Iconic leather bar reopens as food bank with ‘Folsom Feeders’ rallying to help the vulnerable
A popular San Francisco leather bar reopened as a food bank to serve the community after being forced to close its doors during the pandemic.
Powerhouse Bar, located in the heart of the city’s queer SoMa district, underwent a transformation after it was forced to close in mid-December under a city-wide stay-at-home order.
As the venue sat empty, bar manager Carlton Paul, local drag queen Lady Bear and chef Cory Armenta cooked up the idea for the bar to transform into the SoMa Food Pantry, providing hundreds of hot meals and groceries for people who were struggling to find food during the pandemic.
After putting out an appeal for funding via Facebook, the local community gave more than $18,000 to the project, allowing the volunteers – dubbed the Folsom Feeders – to provide crucial support.
The group provided meals for bartenders, hairdressers, and other people out of work and struggling during the crisis, as well as over-65s with connections to the community.
San Francisco leather bar raises thousands for food bank.
Speaking to SFist, Carlton Paul said: “We launched a Facebook donation drive and we had $10,000 within a few days. That first week, just before Christmas, we put together 40 bags of groceries and made 150 hot meals. And this week we’re up to 114 bags — each week we’ve added more names.”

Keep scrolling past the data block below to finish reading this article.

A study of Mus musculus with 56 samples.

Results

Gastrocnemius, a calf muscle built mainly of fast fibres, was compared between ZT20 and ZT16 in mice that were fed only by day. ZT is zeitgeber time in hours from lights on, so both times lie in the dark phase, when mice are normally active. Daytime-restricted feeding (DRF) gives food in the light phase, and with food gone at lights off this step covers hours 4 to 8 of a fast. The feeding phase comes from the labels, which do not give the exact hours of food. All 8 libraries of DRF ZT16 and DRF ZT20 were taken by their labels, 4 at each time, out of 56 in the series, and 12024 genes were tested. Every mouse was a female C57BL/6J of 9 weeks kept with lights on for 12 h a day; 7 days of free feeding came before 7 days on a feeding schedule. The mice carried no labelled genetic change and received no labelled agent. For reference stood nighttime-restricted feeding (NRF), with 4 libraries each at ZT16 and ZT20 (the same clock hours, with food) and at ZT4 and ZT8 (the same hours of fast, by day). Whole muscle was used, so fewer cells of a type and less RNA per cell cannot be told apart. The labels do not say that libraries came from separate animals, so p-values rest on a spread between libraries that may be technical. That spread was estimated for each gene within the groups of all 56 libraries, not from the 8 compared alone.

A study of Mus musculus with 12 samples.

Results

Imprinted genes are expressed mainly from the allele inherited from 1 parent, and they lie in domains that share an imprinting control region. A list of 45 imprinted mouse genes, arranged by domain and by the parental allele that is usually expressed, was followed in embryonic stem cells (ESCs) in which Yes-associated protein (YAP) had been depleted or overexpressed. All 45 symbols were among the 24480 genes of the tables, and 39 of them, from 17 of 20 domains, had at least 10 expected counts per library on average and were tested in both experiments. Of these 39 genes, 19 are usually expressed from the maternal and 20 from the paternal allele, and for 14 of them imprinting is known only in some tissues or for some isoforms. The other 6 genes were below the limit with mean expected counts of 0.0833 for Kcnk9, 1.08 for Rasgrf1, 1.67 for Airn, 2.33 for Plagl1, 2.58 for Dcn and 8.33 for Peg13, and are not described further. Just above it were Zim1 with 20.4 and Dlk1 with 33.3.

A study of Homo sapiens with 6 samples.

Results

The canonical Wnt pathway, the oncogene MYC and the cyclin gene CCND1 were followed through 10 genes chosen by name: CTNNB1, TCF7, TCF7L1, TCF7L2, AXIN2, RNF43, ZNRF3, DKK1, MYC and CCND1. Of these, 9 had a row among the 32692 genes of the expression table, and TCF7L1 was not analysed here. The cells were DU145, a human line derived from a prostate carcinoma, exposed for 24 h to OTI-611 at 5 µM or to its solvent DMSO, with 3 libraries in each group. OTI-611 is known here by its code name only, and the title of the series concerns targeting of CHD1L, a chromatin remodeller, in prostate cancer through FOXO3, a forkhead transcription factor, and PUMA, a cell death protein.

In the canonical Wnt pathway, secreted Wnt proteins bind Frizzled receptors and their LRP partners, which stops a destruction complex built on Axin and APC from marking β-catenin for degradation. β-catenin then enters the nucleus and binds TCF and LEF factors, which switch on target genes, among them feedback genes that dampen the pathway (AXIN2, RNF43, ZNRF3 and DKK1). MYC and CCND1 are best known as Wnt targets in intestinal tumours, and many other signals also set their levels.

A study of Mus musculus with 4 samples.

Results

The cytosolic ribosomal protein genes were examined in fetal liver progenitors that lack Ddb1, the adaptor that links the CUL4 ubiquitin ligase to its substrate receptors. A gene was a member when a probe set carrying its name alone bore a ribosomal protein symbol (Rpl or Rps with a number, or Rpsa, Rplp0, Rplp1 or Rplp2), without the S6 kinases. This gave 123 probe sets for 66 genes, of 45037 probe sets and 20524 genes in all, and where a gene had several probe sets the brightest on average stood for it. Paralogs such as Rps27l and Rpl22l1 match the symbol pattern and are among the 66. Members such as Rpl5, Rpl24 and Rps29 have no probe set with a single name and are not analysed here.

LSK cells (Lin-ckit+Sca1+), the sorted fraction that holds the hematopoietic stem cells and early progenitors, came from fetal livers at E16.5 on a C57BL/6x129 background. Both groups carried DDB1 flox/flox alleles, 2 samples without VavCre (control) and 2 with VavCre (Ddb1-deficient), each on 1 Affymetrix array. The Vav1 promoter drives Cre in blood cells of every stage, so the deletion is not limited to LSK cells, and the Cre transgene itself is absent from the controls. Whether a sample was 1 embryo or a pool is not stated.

Paul explained that he and his husband “both feel like elders in the leather community, and that sense of community drove my commitment to get our members fed”.
He told the outlet he had been struggling himself due to lack of work during the crisis, adding: “I’m 49 years old and I’ve never once filed for unemployment. I’ve always had jobs and bartended and worked all the time.
“I was in a deep depression in December, and all I could think about was my own problems, and this experience has opened my eyes in ways that are really profound.
“I was always more of a moderate, politically, but now I’m seeing just how much need is out there when a crisis hits, and how things need to change.
Pop-up project ends as venue reopens.
After six weeks, the pop-up food bank has now come to an end, as the stay-at-home order lifts and venues are once more permitted to open for outdoor service.
Other food banks are available to pick up the slack. Paul told the outlet: “The food insecurity in San Francisco is not going away this week.
“We met our goal, we wanted to do a temporary food pantry and address the needs of this small group over the holidays.
“But that doesn’t meant that these 114 families have the food or money to get by after our last delivery tomorrow.”